Does Spice Expire? 62 Spices Tested

During kitchen spring cleaning it’s common practice to discard old food that has passed its expiry. Dried spices are often left untouched as people think they last forever. For some spices this is partially true – they don’t go off in the sense that you’ll get sick. But left too long, spices lose their flavor, aroma, and color. Without those benefits, you may as well toss them out. In this article, we’ve pulled together a list of common spices and how long they last.

  • On average, you can expect whole spices to last 1-3 years stored correctly.
  • Ground spices and herbs will last for up to one year.
  • Most fresh spices should be consumed in 1-2 weeks.

The expected life of 62 spices

SpiceExpected Life
Ajowan2-3 years
Akudjura2-3 years
Alexanders1 year
AllspiceUp to 3 years
AmchurUnder 12 months
Angelica seedUp to 2 years
Anise seedUp to 3 years
Annatto seedUp to 3 years
AsafetidaUp to 1 year
BarberryUp to 1 year
Bay leafUp to 3 years
Bergamot12-18 months
CalamusUp to 3 years
CandlenutUp to 6 months
CarawayUp to 3 years
Cardamom - BrownUp to 3 years
Cardamom - GreenUp to 1 year
Celery seedUp to 1 year
ChiliUp to 2 years
Cinnamon2-3 years
Cassia2-3 years
ClovesUp to 3 years
Coriander seedUp to 2 years
CuminUp to 3 years
Curry leafUp to 1 year
Dill seedsUp to 3 years
ElderberryUp to 3 years
Fennel seedsUp to 3 years
FenugreekUp to 3 years
File powder1-2 years
Galangal2-3 years
Garlic powderUp to 3 years
GingerUp to 1 year
Grains of paradiseUp to 1 year
Horseradish powder1-2 years
Juniper2-3 years
Kokam2-3 years
Licorice rootUp to 3 years
MaceUp to 3 years
MahlabUp to 1 year
Marjoram1-2 years
MasticMore than 3 years
Mustard seedsMore than 3 years
NigellaUp to 3 years
NutmegMore than 3 years
NutmegMore than 3 years
Oregano1-2 years
Paprika2-3 years
PepperUp to 3 years
Poppy seedUnder 1 year
Safflower1-2 years
Saffron2-3 years
SaltMore than 3 years
SesameUnder 1 year
SpikenardMore than 3 years
Star aniseMore than 3 years
Sumac1-2 years
Tonka beanMore than 3 years
Turmeric1-2 years
Vanilla1-2 years
Wattleseed2-3 years
ZedoaryMore than 3 years

Factors affecting a spice’s life expectancy

A spice will only stay fresh when stored correctly. For most spices, the best option is keeping them in a cool, dry location in an airtight container. Be sure to check out our in-depth article on how to store spices to get lots more tips and advice.

Even if they’re stored properly, remember that moisture can easily find its way into your spices when you’re using them. The biggest reasons are usually steam from pots and moisture from a spoon during scooping. So remember to shake spices into food away from the steaming pots and pans, and always use a dry utensil to scoop out spices.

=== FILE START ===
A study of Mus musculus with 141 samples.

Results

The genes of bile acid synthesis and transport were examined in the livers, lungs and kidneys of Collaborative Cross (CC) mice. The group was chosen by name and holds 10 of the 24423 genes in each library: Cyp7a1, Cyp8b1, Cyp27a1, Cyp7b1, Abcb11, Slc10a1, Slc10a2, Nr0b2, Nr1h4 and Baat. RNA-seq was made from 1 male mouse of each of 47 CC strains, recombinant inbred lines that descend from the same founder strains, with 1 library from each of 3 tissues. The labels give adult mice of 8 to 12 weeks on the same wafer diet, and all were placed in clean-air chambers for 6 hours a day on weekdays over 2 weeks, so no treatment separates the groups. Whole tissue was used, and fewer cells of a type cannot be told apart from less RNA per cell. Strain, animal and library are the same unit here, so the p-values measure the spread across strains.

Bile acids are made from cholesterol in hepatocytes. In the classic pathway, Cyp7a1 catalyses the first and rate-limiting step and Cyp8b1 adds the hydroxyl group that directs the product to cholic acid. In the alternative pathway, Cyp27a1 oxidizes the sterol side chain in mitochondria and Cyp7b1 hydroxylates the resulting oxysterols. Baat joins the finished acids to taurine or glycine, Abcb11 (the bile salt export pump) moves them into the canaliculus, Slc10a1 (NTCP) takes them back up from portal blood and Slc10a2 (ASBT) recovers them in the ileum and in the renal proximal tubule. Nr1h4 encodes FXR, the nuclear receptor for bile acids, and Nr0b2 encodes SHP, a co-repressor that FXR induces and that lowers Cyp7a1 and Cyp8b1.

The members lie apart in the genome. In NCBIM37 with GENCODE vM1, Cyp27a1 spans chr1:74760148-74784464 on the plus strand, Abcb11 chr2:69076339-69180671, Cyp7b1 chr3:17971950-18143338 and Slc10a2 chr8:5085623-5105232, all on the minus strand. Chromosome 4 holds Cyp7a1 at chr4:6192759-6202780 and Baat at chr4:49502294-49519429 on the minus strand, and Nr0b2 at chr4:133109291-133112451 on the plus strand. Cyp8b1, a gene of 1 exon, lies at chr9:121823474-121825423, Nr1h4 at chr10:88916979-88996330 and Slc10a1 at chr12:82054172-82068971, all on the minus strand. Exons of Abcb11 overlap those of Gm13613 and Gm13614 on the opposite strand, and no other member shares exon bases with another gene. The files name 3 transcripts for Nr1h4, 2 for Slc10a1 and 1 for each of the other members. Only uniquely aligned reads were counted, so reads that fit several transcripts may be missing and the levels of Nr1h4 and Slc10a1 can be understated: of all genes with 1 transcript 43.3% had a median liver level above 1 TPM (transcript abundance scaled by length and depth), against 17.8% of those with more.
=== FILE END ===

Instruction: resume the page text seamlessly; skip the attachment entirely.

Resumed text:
How can you tell if a spice has expired?

Color is often a giveaway of your spice’s age. If they are supposed to be a vibrant red or orange and they’re a dull brown, its time to replace them. Also, rub some spice in your hand and take a sniff; if there is no fragrance then it’s time to let them go.

Colorful spice piles on a bench.
Be wary of spices that have lost their vibrant color.

How to revive an old spice

Before you toss out spices that have gone bad, consider these tips.

  • Try blooming the spice, which involves frying it in hot oil just before cooking. In some cases, the fragrance and flavor will be released by the heat.
  • Another option for powders is to toast the spice in a pan on a medium-low heat without any oil. Stir continuously until you smell an aroma, then remove from the heat and return to the jar until needed. This is a good option for curry powder and spice blends.

Interesting reading:
How much spice to use in cooking
How to use spices in your next recipe

Summing up

There are many factors that affect the life of a spice such as air, temperature, packaging, and how they’re used during cooking. As a general rule, expect 1-3 years of life from whole spices, and up to one year for ground spices. Some ingredients that are high in oil may go rancid well before a year, such as sesame seeds. A simple smell test will let you know how they’re keeping.

When it comes time to toss out under-performing spices in the cabinet, the question is do you need to replace it? Some spices we simply don’t enjoy the taste of; maybe our most-used recipes don’t include it? If there is an ingredient that you aren’t using in your cooking, then why replace it? You are better to use the pantry space for something useful.